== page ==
Market expectations appear optimistic with regard to the Abe administration’s move to shift the portfolio of the Government Pension Investment Fund from domestic bonds to riskier but higher-yield investments such as stocks. Improving investment returns on the huge fund will be needed to stabilize the nation’s public pension system over the long term. However, the administration should not lose sight of the purpose of the GPIF portfolio review. It would be a mistake to see it as a short-term shot in the arm for the stock market.

The shakeup in the GPIF investment portfolio was featured in Prime Minister Shinzo Abe’s updated strategy for economic growth, formally announced on Tuesday. The world’s largest investment fund — worth roughly ¥129 trillion as of the end of 2013 — currently holds 55 percent of its assets in domestic bonds, with domestic stocks accounting for 17 percent. The plan calls for shifting the mix from the safe but low-yield sovereign bonds to riskier but higher-yield assets such as stocks and real estate investment trust.

Details of the new portfolio policy will be worked out by GPIF’s investment committee, comprising financial experts, as early as September.

The move is hailed as a boon for the stock market, which appears to have lost steam in recent months after surging in the first year of Abe’s economic policies. A mere one-percentage-point rise in the share of stocks in the GPIF portfolio will mean an influx of more than ¥1 trillion into the market. In April, Tokyo share prices spiked after Finance Minister Taro Aso hinted at upcoming changes in the fund’s portfolio.

Such expectations should not blind us to the purpose of the GPIF portfolio review. GPIF manages reserve funds for the public pension schemes to be used for payouts to retirees. Better investment performance of the fund contributes to the future stability of the public pension system, which is increasingly challenged by the rapid expansion of the nation’s aging population. Fewer people of working age are supporting welfare programs for the growing ranks of the elderly.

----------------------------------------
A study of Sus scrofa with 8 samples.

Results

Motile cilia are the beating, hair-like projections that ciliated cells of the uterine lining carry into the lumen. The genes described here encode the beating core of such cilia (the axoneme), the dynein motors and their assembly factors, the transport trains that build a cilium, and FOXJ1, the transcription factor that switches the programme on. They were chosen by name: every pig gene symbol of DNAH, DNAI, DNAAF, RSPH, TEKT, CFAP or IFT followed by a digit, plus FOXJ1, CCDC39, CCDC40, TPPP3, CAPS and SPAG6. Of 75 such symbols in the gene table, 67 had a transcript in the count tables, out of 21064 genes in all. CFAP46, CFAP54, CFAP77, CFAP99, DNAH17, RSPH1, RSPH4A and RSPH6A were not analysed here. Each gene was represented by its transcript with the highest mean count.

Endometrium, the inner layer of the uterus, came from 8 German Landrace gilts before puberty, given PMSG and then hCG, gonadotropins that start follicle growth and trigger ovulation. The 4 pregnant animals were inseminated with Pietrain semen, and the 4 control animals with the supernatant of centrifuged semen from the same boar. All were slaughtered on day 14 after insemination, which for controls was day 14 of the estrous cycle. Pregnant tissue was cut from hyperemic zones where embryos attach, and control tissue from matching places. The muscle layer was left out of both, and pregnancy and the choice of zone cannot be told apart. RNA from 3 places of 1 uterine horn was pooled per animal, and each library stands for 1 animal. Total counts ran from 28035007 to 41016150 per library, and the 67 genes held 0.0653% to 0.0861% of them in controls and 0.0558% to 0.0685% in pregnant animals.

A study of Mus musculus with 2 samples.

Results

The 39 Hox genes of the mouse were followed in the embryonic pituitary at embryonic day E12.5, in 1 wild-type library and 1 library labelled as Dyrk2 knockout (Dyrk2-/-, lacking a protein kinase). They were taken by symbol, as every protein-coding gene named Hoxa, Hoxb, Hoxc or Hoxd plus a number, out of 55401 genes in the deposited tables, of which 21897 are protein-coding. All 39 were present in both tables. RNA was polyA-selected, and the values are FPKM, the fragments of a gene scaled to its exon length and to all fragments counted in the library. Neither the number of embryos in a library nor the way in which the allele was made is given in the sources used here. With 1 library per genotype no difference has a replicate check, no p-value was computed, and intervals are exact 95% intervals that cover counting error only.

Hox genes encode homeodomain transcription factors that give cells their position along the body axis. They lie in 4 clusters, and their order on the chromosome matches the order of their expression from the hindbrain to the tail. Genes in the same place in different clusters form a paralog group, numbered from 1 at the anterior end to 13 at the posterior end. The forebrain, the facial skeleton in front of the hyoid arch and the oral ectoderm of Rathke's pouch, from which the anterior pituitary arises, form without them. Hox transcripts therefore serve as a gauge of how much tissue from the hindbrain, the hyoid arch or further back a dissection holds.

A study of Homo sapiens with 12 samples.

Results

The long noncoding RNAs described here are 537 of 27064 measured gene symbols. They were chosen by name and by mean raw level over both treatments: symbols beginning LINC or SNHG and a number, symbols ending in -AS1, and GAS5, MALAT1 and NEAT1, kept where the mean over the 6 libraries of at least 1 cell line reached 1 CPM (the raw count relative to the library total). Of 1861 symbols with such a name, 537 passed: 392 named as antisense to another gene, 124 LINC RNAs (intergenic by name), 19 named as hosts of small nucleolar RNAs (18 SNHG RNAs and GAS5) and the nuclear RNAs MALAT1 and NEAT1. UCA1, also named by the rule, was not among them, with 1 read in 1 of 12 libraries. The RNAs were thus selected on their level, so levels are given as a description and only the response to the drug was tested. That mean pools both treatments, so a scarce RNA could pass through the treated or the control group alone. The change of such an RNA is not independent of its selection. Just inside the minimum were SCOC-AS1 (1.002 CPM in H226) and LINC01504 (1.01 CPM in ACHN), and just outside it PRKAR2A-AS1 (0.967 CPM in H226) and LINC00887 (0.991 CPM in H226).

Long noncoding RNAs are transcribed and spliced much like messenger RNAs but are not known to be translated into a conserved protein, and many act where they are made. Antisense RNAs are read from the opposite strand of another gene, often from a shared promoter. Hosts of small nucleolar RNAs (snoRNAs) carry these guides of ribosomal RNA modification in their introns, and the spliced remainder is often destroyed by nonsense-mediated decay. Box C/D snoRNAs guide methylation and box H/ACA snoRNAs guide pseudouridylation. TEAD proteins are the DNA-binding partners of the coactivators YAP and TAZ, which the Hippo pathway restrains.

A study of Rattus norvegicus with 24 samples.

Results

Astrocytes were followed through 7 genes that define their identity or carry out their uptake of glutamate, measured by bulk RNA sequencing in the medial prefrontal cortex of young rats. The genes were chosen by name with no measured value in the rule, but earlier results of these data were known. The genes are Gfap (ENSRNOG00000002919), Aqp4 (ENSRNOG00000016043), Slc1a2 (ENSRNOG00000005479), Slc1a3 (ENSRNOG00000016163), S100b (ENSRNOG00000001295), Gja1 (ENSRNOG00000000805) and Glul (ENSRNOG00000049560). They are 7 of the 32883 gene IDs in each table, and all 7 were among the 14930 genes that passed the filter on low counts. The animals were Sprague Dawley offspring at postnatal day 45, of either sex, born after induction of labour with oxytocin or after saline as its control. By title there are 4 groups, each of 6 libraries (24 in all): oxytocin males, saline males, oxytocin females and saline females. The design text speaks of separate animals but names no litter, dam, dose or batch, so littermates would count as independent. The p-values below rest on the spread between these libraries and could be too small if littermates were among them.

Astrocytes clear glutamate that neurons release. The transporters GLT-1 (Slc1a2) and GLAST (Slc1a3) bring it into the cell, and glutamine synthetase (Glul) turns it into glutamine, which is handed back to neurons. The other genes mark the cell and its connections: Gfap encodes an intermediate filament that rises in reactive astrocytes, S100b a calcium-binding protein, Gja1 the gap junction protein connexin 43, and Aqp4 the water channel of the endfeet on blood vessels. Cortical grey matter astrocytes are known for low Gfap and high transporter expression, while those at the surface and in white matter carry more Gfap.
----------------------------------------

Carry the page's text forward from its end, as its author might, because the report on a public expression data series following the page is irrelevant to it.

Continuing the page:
Diversifying the fund’s portfolio will help reduce the risks in its asset management. Japanese government bonds are safe assets but carry low returns. Excessive bond holdings can be a risk when the economy is growing fast and prices and wages are rising. A rise in long-term interest rates could push down the prices of existing bonds. Meanwhile, stock investments can bring higher returns if managed properly although they carries the risk of losses when the market goes down.

Since the fund deals with money to be used for pension payouts, losses from investment failures could result in reduced pension benefits or higher premiums for future generations. Increasing the share of riskier assets in the GPIF portfolio needs to be carefully weighed against the priority put on long-term stability in investment performance. Improving governance of the pension fund and reform of its organization, including beefed-up fund management system and manpower with high-level expertise, will also be essential.

Abe, whose popular support has relied a lot on the performance of the economy, is said to have ordered the Health, Labor and Welfare Ministry to front-load the review of the GPIF portfolio, raising speculation that he was trying to give the stock market a much-needed boost through the injection of GPIF money.

Using money from the public pension fund as a political tool or a stock market operation could distort its operation. The review of the GPIF portfolio should focus strictly on the stability of the public pension system.